Fisheries on highly migratory tuna and tuna-like species, are all under some form of management. However, the global nature of the fisheries for some highly migratory species, including the high global mobility and interlinks of the fishing fleets and markets, make it more difficult for regional organizations to manage fisheries on these species than it is to manage fisheries that are less global.
Unlike fisheries for tuna and tuna-like species, management of fisheries for oceanic sharks and other highly migratory species is spotty and incomplete. The International Plan of Action for the Conservation and Management of Sharks is a non-binding instrument that should guide management of fisheries on oceanic sharks, but it does not implement conservation measures. Regional Fisheries Management Organizations (RFMOs) that have jurisdiction over fisheries that interact with oceanic sharks and other highly migratory species (particularly longline fisheries) are aware of bycatch issues, but for the most part, it is unregulated.
With the exception of a few species producing large catches (e.g. tunas and swordfish), knowledge of the biology and state of exploitation of highly migratory species (such as billfishes and sailfishes) remains scarce. Knowledge is even more limited for most highly migratory sharks.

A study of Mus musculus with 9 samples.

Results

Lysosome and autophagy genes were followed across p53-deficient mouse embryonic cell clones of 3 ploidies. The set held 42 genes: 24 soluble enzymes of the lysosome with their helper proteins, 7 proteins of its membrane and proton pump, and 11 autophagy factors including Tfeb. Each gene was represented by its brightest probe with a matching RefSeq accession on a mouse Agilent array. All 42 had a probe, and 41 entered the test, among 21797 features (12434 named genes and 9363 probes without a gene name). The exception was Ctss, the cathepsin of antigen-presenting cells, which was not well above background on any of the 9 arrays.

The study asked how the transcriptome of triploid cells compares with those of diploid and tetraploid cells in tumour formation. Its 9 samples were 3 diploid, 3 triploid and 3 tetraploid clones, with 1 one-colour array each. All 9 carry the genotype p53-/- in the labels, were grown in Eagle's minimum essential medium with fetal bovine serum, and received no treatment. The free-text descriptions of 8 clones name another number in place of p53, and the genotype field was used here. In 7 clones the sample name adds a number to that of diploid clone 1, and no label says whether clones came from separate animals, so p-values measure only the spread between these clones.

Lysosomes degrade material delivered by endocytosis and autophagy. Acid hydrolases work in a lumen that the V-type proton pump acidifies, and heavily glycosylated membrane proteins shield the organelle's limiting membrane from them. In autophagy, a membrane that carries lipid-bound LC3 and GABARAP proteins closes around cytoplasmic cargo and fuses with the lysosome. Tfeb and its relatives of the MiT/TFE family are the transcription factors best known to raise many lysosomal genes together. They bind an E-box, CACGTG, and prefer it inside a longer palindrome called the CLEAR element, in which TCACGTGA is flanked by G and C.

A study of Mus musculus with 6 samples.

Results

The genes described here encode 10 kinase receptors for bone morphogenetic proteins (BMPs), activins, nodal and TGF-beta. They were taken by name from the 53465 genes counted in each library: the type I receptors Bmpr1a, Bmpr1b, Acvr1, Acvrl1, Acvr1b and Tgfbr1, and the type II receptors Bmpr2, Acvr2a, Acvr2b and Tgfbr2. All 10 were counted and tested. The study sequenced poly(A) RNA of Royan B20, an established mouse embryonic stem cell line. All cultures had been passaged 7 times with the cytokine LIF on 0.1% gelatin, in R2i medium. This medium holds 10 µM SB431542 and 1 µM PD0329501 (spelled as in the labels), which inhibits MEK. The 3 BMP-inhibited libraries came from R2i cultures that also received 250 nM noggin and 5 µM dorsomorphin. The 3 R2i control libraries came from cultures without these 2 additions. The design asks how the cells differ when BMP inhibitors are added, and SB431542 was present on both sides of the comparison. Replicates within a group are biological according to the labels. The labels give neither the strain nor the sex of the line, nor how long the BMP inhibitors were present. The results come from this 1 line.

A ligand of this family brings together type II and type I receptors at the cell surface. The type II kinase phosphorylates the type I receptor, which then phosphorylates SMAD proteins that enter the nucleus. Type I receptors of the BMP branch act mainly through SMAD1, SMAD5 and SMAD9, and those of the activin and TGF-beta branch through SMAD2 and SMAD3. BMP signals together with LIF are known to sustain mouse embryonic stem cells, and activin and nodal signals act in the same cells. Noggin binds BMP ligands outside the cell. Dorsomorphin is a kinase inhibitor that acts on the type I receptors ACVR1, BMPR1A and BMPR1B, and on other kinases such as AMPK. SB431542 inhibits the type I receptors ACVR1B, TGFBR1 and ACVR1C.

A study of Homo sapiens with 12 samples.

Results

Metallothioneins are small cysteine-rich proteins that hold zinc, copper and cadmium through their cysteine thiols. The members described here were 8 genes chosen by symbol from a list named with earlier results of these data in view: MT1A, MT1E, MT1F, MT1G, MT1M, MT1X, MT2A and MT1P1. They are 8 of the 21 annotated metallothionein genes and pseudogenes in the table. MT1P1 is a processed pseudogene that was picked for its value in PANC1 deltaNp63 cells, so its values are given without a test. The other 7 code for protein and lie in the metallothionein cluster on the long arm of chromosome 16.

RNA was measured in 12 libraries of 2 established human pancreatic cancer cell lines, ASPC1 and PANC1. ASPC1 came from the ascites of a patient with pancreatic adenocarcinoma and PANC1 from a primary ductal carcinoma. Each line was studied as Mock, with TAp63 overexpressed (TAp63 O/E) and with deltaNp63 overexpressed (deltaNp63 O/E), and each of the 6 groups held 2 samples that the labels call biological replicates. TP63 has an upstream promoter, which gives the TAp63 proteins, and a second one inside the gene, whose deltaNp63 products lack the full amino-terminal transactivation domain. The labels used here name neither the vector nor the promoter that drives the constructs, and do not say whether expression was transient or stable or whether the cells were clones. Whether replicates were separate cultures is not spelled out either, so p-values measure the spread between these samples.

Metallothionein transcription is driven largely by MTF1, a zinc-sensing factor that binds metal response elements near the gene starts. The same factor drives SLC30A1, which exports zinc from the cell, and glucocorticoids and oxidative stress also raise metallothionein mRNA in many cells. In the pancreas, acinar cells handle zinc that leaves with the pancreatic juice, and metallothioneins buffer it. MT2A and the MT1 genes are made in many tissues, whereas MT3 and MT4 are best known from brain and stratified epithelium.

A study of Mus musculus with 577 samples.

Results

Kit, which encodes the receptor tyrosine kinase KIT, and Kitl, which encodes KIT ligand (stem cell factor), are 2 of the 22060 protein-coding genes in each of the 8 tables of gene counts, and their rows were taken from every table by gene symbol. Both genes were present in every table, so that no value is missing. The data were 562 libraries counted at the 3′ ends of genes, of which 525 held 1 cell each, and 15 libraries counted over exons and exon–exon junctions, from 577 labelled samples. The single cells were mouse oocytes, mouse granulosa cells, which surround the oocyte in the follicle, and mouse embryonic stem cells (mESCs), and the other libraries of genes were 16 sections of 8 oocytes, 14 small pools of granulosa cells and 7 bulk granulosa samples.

Fisheries on pomfrets, sauries and dolphinfish are sometimes included in national fishery management plans, either as a component of the plans for other species or on their own, but generally speaking, a more systematic treatment of these species is necessary before it could be said that the fisheries exploiting them are properly managed.
Most fisheries on straddling fish stocks are either covered, or in the process of being covered, by existing regional fisheries management organizations, or organizations and arrangements that are in the process of being formed. The situation is more variable for fisheries for high seas fish stocks. For example, NEAFC has jurisdiction over deepwater fisheries (some of which are on high seas fish stocks) of the Northeast Atlantic, whereas there is no management authority with jurisdiction over fisheries for high seas fish stocks of the Indian Ocean.